Hiring during a pandemic involves additional considerations, like how you can protect people from the virus without violating the rights of candidates.
Video and telephone interviews have become vital in the hiring process as companies and candidates work remotely. Keeping candidates, and perhaps hiring managers, out of the workplace could help you avoid any issues that could arise if you were to have a candidate come into the workplace for an interview and someone were to get the virus.
But you may have to obtain consent from a candidate if you were to record a remote interview, depending on your state’s laws. You should also consider the hiring process for candidates with disabilities, like how you would create accommodations for video interviews
If you do have in-person interviews, ADP recommends taking the following precautions, per its employer’s guide for hiring during COVID-19.
- Restrict applicants to a certain part of the workplace
- Sanitize spaces before and after interviews
- Require applicants and interviewers to wear face coverings and other protective equipment
- Ask candidates to reschedule if they’re feeling sick
- Keep interviewers and candidates at least six feet apart
Testing applicants for COVID-19 or requiring applicant’s to have their temperature taken before you extend an offer of employment is a violation according to the EEOC.
Both tests for the virus and temperature takings are considered to be medical exams, which federal law prohibits you from conducting on applicants. However, you may test an applicant or take their temperature after you give them a conditional offer of employment.
You also may not ask an applicant if they have recently traveled to any areas affected by a COVID-19 outbreak until you make a conditional offer of employment. If you do ask, put the question to all entering employees in that job type and phrase the question in a way that it is limited to travel that is within the past 14 days, or most recent timeline, set forth in guidelines from the Centers for Disease Control and Prevention (CDC), attorneys for Verrill suggested in guidance on what you can do when hiring during the COVID-19 pandemic.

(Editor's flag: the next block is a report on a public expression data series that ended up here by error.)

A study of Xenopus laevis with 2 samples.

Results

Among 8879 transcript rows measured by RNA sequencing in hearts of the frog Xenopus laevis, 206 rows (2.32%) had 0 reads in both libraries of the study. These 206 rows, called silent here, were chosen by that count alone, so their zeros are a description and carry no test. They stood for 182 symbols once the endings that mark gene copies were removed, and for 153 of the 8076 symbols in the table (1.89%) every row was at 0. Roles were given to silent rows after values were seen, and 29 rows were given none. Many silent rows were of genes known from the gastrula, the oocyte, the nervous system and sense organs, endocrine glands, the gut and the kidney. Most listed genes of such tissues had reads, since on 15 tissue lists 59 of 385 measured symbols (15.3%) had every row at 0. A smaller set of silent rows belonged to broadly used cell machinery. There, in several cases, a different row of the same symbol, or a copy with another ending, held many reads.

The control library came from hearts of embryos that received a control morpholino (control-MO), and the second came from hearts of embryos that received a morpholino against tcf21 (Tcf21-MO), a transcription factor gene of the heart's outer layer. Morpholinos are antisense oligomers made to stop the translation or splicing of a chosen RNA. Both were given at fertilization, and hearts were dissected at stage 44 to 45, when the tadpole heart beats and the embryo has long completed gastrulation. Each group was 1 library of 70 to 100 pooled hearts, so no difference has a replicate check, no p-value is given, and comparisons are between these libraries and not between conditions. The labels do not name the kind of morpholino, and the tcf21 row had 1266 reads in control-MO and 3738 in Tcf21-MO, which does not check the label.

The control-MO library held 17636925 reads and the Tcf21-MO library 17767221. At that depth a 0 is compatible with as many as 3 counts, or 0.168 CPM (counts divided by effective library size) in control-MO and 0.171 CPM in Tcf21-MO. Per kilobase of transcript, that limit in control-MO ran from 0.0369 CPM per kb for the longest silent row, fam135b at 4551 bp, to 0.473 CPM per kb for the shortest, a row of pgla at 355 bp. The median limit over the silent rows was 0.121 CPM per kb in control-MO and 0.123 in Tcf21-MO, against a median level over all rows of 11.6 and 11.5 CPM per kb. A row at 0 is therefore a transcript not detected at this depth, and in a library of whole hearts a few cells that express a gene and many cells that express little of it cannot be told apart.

Proceed with similar caution when asking an incoming employee whether a household member has tested positive for the virus. “The employee’s response to this inquiry could yield information that an employer typically should avoid trying to learn during the hiring process (including sexual orientation, marital status, and parental status). Accordingly, employers should not ask questions regarding an employee’s “spouse” or “child” and refer only to a “household member,” the Verrill attorneys wrote.
A conditional offer of employment is just that, “conditional.” The Society for Human Resource Management says that you can do the following when hiring in a COVID-19 world.
- Delay the start date of an incoming employee with COVID-19 or its symptoms.
- Withdraw a job offer to a candidate who has COVID-19 or its symptoms if you need them to start immediately.
- Decline to hire applicants who refuse to work at your company’s designated work location, whether that be onsite or remotely. You can require employees to work from home.
“But employers may be violating the ADA if they decline to hire a candidate who tests positive and is hospitalized ‘with significant symptoms and whose breathing is impaired for many months during a lengthy recovery. [That person] would likely be considered to have a disability under the ADA,’” Tucker Ellis’ attorney Carl Muller told SHRM.
Hiring during COVID-19 requires you to consider some factors that you did not have to consider before. Know what you can and can’t do to keep people safe while protecting the rights of candidates.